Heart palpitations but Normal ECG – CAUSES N’FIX!

Heart palpitations but normal ECG are typically caused by stress and anxiety.

It is normal to experience palpitations even when your Echo and Ecg are normal. Palpitations make you feel like your heart is beating too hard or too fast, skipping a beat, or fluttering.

It is quite possible you may first observe this in your chest then in your neck, or throat. Experiencing it for the first time could be scary and make some people shit their pants in confusion.

Most times, they aren’t harmful or serious though and often go away on their own. Anxiety or stress are the main culprits.

Similarly, overconsumption of nicotine, caffeine, or alcohol could also trigger palpitations in your body system.

I’ve had a few episodes of heart palpitations and they are very scary and have definitely triggered anxiety issues. One thing that has helped to calm them down is box breathing on a regular basis. I hope it helps someone else as well.

Step 1: Breathe in counting to four slowly. Feel the air enter your lungs.
Step 2: Hold your breath for 4 seconds. Try to avoid inhaling or exhaling for 4 seconds.
Step 3: Slowly exhale through your mouth for 4 seconds.
Step 4: Repeat steps 1 to 3 until you feel re-centered.

Palpitations can also happen when you’re pregnant. If that is the case, the causes could be anxiety and/or gastritis.

You will need antacids to control the situation and the following may help too:

  • Increasing your daily intake of water to 3 liters, minimum.
  • Avoid or reduce consumption of fatty, junk, spicy, fried, and oily food
  • Exercise more often. I’m talking 30-45 minutes per session each day
  • Quit or limit consumption of beverages such as tea, coffee, and carbonated drinks to once a day. I recommend twice per week.
  • Avoid/Stop smoking and drinking rum, beer, wine, or anything alcoholic if you have the habit
  • Reduce stress through methods such as yoga/meditation/tai-chi.

If the condition persists or worsens visit the ER at the earliest.

Then follow the steps as advised in the next section below.

Heart Palpitations But Normal Ecg – A First Aid Approach to solving the Problem

Increased heartbeat or palpitations are sensations or feelings that your heart is racing or pounding.

You can typically feel this sensation in your neck, throat, or chest.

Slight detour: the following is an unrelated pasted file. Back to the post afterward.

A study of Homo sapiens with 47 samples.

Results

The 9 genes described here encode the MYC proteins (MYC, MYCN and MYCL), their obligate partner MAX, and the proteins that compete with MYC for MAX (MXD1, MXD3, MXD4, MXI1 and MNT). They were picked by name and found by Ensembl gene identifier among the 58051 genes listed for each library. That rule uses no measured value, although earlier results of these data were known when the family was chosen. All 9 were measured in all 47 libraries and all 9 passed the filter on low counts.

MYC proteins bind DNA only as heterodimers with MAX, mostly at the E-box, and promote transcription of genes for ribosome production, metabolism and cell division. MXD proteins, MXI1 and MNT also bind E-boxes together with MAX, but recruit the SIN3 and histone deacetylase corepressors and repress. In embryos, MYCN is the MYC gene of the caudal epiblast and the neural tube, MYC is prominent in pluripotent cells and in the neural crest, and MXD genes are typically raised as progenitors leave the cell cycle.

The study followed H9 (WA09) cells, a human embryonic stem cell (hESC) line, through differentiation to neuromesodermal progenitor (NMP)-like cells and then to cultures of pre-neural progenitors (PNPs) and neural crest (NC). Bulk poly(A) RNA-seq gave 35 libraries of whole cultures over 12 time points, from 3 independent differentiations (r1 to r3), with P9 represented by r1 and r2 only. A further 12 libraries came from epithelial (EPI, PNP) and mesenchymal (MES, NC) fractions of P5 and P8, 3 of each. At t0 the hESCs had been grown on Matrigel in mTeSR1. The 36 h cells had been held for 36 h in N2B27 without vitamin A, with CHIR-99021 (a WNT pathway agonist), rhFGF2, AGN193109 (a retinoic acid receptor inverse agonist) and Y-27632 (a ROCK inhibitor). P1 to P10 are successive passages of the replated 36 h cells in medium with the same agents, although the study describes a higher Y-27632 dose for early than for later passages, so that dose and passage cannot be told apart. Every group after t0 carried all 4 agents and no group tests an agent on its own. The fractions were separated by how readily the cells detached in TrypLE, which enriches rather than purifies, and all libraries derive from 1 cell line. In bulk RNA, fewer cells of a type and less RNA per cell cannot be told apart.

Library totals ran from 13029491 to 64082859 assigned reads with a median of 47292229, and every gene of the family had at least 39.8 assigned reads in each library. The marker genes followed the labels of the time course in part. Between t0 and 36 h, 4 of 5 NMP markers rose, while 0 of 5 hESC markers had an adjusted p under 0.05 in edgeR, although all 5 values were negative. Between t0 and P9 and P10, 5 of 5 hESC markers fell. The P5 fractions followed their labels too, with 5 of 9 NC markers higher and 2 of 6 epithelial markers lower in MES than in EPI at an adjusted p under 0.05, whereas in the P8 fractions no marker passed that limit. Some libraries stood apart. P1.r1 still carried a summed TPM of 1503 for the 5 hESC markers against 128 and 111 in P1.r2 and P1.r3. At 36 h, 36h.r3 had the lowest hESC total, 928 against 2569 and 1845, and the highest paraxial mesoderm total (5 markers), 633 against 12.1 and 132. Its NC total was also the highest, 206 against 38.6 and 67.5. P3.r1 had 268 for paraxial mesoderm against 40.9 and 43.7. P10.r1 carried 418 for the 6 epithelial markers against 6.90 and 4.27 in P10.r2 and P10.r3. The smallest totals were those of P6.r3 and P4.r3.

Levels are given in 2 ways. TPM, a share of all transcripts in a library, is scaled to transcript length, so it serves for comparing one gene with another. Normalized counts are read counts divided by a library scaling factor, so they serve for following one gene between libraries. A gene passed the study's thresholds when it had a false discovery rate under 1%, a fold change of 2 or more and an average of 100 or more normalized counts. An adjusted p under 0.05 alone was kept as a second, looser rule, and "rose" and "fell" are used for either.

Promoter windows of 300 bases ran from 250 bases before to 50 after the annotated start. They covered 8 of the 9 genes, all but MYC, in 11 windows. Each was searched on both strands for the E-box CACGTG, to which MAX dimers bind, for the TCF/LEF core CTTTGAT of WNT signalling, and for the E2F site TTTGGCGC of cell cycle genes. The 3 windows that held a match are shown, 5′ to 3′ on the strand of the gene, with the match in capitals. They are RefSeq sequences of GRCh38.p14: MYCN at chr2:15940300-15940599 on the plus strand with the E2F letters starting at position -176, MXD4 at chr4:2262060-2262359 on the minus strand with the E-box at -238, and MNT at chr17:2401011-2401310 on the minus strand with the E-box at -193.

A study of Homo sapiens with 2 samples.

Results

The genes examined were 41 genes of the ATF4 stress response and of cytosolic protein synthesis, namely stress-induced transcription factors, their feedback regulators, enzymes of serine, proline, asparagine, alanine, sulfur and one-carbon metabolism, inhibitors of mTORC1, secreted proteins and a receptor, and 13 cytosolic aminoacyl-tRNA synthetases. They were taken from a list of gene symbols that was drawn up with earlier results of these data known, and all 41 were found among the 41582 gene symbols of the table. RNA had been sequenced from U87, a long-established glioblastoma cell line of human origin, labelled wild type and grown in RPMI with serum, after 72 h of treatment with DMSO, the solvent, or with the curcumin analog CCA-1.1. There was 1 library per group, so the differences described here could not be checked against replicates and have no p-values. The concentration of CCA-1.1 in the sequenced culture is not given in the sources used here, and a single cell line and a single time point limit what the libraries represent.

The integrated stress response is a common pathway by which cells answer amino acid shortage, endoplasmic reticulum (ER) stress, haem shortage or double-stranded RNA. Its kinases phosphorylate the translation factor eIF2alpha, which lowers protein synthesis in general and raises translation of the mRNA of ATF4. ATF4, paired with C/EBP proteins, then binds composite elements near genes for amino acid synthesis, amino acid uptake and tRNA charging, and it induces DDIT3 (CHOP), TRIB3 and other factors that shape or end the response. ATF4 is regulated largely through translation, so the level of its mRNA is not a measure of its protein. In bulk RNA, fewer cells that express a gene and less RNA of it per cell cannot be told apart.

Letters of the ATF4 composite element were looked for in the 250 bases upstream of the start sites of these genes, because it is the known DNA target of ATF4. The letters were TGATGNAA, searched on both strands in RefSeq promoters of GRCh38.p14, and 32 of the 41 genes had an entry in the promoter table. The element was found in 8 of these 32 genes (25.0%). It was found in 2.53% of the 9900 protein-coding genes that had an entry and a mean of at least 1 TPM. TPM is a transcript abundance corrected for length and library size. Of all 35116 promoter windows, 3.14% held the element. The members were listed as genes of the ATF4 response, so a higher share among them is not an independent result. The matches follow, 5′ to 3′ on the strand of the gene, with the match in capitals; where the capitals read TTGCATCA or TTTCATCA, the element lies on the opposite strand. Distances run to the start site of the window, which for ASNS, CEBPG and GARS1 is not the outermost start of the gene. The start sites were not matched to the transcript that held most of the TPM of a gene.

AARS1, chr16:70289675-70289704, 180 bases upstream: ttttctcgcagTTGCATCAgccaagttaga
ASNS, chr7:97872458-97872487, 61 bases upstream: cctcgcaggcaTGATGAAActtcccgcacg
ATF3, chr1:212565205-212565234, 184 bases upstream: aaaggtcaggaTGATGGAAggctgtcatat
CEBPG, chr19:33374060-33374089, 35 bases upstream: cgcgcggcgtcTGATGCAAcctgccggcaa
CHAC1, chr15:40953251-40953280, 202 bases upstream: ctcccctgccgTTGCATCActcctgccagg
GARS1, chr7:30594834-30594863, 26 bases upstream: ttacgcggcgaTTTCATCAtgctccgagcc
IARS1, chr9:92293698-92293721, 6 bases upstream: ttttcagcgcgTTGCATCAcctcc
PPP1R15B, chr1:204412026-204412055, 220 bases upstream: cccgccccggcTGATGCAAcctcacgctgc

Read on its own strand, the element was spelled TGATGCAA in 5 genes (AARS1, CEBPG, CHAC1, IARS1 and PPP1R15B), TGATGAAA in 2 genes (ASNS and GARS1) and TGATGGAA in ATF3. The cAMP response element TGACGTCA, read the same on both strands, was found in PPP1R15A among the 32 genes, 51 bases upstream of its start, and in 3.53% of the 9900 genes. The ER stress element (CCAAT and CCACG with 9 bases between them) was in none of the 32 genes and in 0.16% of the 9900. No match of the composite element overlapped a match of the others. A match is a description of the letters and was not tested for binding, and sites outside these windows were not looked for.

Place your hand in those areas and you’d have an unpleasant awareness of your own heartbeat or may feel like your heart skipped or stopped beating.

The heart’s rhythm may be normal or abnormal when you have palpitations.

The normal heartbeat rate is 60-100 times per minute. The rate may drop below 60 beats per minute in people that take medicines that slow the heart or routinely exercise.

If your heart rate is fast (over 100 beats per minute), this is called tachycardia. A heart rate slower than 60 is called bradycardia. An occasional extra heartbeat is known as extrasystole.

I bet you didn’t know these facts, haha.

Palpitations are not serious most of the time. Sensations representing an abnormal heart rhythm (arrhythmia) may be more serious.

If you suffer from intermittent tachycardia/arrhythmia, you may need to get yourself checked. Intermittent Tachycardia / Arrhythmia means that intermittently your heart rate increases or the heart Rhythm changes which can be dangerous if it does not get corrected on its own. Or it can be an early sign of impending heart disease.

For a successful diagnosis, you need to get an ECG done while you’re experiencing the rhythm problem or you can get Holter monitoring for 24 hours during which if you have this episode, it will get registered and documented.

Heart palpitations but Normal ECG

Lastly, you should get a full lipid profile done as well as blood sugar, thyroid levels check alongside an echocardiogram to look for risk factors.

Once you have done all that, get back to your doctor with reports for a detailed consultation.


Watch these simple explanatory videos for underlying the problem.

1) Chest pain – must know

2) Heart failure

3) Difference between heart attack and heart blocks vs heart failure

Author: Dr. Janet Hicks

Dr. Janet Hicks is an addiction medicine physician trained and certified to provide comprehensive care for addiction and substance-related disorders, including the diagnosis, treatment, and prevention of such health conditions. With more than 25 years of experience, Doctor Janet Hicks helps you by providing all information required to educate yourself about substance detox and recovery.